Southwest Airlines quarterly profit slides 30% and says growth will slow next year

DALLAS — Southwest Airlines’ third-quarter profit fell 30% to $193 million despite record revenue as leisure travel boomed over the summer, and the airline is losing pricing power at the same time that labor costs are rising.

Southwest said Thursday that it will throttle back growth plans next year because of changes in travel, including a disappointingly slow recovery in business travel.

“The whole sector is under pressure obviously,” CEO Robert Jordan said on CNBC. “Costs are rising, and a lot of that is labor cost.”

The results, and particularly Southwest’s plans to grow more slowly, are likely to add to concern that demand for affordable domestic travel — the heart of Southwest’s business — is weakening.

Two budget airlines that also target price-conscious travelers reported losses in the third quarter.

Spirit Airlines blamed its $158 million loss on softer demand and discounted fares. CEO Ted Christie said demand and prices have not returned to normal, even for holiday travel, and he said Spirit will scale back its growth plans.

Frontier Airlines lost $32 million. CEO Barry Biffle said higher fuel prices and “uneven demand recovery” were key factors, and he said the airline will focus growth on under-served markets.

Airlines have aggressively added flights this year, which appears to be pushing fares lower. Jordan declined to say that Southwest has added too many flights, but he conceded that lucrative business travel has not recovered as quickly as the airline expected and that demand from leisure flyers is dropping more sharply in off-peak seasons like fall and late winter.

Southwest has fought back by increasing the frequency of fare sales to fill seats. Chief Commercial Officer Ryan Green said on a call with analysts that the sales run “when we have distressed inventory to sell” but aren’t available on high-demand flights.

Southwest executives said bookings for Christmas are running ahead of last year’s pace.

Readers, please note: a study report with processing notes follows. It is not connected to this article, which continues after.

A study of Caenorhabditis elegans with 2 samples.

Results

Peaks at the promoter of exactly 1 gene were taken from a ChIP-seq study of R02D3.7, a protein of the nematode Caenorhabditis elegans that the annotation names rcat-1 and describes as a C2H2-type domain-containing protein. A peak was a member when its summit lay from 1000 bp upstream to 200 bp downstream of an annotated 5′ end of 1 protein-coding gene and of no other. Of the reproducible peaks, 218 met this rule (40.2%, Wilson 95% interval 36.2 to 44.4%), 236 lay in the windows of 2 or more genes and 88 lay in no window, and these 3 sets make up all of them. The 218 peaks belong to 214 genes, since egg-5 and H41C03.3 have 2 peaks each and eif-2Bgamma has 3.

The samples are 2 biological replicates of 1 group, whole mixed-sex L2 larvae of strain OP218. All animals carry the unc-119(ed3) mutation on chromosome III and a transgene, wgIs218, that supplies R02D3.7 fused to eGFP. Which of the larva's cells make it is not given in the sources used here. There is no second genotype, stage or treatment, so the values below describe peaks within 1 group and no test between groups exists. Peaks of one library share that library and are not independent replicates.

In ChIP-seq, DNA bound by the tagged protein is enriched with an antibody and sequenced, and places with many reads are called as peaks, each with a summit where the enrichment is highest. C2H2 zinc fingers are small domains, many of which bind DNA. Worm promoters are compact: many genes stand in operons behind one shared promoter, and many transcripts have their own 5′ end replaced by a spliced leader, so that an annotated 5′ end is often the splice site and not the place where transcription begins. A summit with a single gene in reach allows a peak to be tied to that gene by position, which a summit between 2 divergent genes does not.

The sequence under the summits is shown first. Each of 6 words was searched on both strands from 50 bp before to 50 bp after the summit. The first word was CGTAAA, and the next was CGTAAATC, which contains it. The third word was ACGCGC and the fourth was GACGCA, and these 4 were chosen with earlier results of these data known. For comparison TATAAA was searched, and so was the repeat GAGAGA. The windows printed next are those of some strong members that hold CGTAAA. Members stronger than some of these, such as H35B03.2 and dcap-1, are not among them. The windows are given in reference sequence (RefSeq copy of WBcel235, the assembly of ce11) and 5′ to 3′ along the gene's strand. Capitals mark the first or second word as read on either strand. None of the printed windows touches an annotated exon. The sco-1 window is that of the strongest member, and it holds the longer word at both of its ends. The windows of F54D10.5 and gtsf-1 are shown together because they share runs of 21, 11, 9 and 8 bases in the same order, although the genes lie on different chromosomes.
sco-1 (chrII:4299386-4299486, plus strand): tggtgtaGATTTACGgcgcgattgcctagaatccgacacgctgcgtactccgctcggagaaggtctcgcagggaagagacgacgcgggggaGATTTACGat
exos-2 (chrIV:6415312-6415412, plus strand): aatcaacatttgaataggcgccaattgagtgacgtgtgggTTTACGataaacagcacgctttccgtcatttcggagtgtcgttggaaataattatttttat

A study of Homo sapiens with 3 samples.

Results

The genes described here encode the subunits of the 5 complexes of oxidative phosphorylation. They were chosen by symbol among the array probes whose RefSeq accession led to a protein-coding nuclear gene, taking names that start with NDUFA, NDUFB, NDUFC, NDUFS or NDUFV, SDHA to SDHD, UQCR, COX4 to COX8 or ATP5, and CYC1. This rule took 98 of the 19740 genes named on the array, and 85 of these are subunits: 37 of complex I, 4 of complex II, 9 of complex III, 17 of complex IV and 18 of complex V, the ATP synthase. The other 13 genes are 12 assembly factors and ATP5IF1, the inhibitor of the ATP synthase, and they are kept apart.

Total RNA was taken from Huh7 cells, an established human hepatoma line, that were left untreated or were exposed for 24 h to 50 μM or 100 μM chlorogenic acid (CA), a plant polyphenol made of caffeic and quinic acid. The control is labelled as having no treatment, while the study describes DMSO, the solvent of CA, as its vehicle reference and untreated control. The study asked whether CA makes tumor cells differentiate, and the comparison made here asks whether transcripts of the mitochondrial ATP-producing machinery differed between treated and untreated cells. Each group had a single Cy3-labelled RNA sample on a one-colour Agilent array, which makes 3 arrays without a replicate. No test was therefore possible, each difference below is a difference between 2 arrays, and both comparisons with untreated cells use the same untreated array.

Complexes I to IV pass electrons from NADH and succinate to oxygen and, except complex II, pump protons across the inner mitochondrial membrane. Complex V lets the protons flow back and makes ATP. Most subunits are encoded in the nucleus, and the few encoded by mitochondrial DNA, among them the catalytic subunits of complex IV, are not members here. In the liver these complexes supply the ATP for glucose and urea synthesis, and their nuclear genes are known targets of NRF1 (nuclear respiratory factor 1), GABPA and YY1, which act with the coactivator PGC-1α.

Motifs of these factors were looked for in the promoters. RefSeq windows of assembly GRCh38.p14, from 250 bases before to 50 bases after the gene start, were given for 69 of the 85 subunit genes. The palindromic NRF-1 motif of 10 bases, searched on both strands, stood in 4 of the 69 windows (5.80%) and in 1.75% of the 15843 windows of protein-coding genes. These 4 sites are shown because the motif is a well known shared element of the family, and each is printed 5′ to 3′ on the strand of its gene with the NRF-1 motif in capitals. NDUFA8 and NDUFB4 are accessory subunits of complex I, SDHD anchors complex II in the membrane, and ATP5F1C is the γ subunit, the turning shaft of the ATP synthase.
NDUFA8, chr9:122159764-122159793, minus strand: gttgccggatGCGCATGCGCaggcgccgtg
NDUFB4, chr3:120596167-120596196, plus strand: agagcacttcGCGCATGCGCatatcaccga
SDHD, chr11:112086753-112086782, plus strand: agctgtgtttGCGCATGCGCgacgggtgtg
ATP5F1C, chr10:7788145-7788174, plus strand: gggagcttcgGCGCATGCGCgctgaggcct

Still, Southwest forecast that pricing power will weaken in the fourth quarter. Revenue for each seat flown one mile, a closely watched measure of prices, will decline 9% to 11% in the fourth quarter compared with the same period last year. That is a much sharper drop than those anticipated by Southwest’s larger rivals.

That underperformance is likely the reason that Southwest will scale back its aggressive growth plans early next year.

The airline expects fourth-quarter passenger-carrying capacity to increase a stunning 21% compared with the same period last year. Southwest said it will cut that growth in half in the first quarter of next year — to between 10% and 12%, four points less than previously planned.

By the second half of next year, Jordan said, Southwest will fly fewer seats than it will in the same period this year.

Raymond James airline analyst Savanthi Syth said the capacity cuts are deeper than investors expected and, along with similar slow-growth plans by other U.S. airlines, “likely bodes well for future pricing trends.”

Southwest’s third-quarter profit slipped from $277 million a year ago and, excluding special items, worked out to 38 cents per share. That matched Wall Street expectations, according to a FactSet survey of analysts.

Revenue rose $305 million, or 5%, to $6.52 billion, just short of projections for $6.56 billion. Bookings close to departure were lower than expected in August and September.

Labor costs rose by $406 million, an increase of more than 17%. Southwest has agreed to new contracts with several labor groups including flight attendants this week, but it is the only one of the nation’s four biggest airlines that has not yet settled with pilots, the most expensive group.

Pilots at American, Delta and United have received pay raises totaling around 40% over four years. Southwest likely will be forced to accept similar terms for its pilots, who picketed at company headquarters in Dallas on Thursday.

The airline saved $186 million in the third quarter because fuel was cheaper than a year earlier. Fuel prices have been rising recently, however, and Southwest expects to pay more per gallon in the fourth quarter than it did in the third.

Southwest depends heavily on leisure travel within the United States and doesn’t offer business class and other high-end perks. That helped the airline last year, as travel rebounded after two pandemic-plagued years, but international travel and premium seats are selling more briskly this year, boosting other carriers more than Southwest.

Delta Air Lines and United Airlines each reported $1.1 billion in profit and double-digit revenue growth, although United’s shares fell after it gave a dour outlook for the fourth quarter. American Airlines lost $545 million, but only after taking $983 million in charges to cover contract-ratification bonuses for pilots.

Shares of Southwest Airlines Co. slid more than 3% after the market opened, but had cut the loss to less than 1% in afternoon trading.